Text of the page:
1800's Safety Coffin Bell




Bell and String


Causes panicked feelings of claustrophobia





Collected by

Warehouse 13



Date of Collection

August 3, 1987



The first recorded "Safety Coffin" was constructed in 1792 under the orders of  Duke Ferdinand of Brunswick, who had a paranoid fear of being buried alive after the cholera epidemic of the 18th century came with many reports of false deaths and mistaken burials. Though this coffin did not have the bell that would become the signature of the Safety Coffin, it did inspire German priest P.G. Pessler to suggest a series of cords that linked to the church bells that a person who was buried alive could ring for attention.

Though impractical, the idea of the bell hung on, and in 1829 Dr Johann Gottfried Taberger invented a smaller but more usable solution. Each coffin was to have a small bell attached to the headstone, with a cord leading down to the inside of the coffin. If the person buried were to wake up, they could ring the bell and alert anyone nearby to assist them. Though the idea took off, there are no reported cases of a Safety Coffin ever saving a life, though the image of the bell above the grave has become ingrained into the popular culture.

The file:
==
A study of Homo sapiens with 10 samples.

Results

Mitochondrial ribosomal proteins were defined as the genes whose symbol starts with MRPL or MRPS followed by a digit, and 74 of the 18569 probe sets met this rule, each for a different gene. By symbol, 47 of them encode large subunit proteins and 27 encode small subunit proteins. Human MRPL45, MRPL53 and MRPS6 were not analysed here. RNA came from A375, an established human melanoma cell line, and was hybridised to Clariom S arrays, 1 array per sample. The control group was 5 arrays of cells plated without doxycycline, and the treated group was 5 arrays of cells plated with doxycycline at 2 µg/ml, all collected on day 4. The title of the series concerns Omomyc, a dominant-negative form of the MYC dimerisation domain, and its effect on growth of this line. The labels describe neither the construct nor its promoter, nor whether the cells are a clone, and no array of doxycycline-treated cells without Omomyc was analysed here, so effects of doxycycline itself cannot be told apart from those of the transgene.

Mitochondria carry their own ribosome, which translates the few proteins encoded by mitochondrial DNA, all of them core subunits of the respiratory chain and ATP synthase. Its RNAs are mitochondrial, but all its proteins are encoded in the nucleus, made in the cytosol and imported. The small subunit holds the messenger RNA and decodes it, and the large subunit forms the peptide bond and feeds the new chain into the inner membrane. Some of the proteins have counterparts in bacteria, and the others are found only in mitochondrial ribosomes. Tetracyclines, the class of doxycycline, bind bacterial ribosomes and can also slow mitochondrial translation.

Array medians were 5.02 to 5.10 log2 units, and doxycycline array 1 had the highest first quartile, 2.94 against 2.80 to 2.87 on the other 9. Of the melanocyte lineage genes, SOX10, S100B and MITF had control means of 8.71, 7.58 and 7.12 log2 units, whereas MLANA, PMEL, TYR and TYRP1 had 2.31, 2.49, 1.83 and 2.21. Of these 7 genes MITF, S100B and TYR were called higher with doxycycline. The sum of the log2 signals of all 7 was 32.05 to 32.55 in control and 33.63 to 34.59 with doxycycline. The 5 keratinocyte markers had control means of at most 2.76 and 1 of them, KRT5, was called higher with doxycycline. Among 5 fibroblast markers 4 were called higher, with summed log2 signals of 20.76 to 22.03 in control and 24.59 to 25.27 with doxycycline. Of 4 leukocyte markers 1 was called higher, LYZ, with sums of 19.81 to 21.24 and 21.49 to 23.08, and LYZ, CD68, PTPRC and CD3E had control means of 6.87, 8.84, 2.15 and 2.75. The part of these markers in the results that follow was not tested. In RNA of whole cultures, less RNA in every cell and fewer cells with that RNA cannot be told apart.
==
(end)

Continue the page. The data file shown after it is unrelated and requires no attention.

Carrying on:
Whoever rings the small copper bell will experience intense claustrophobia, as if they were trapped in a wooden box several feet underground. They will suffer from panic attacks and insist that they can feel the walls closing in. Even after the bell is neutralized, the person may still have fears of being buried alive and may still show symptoms of claustrophobia for several weeks following.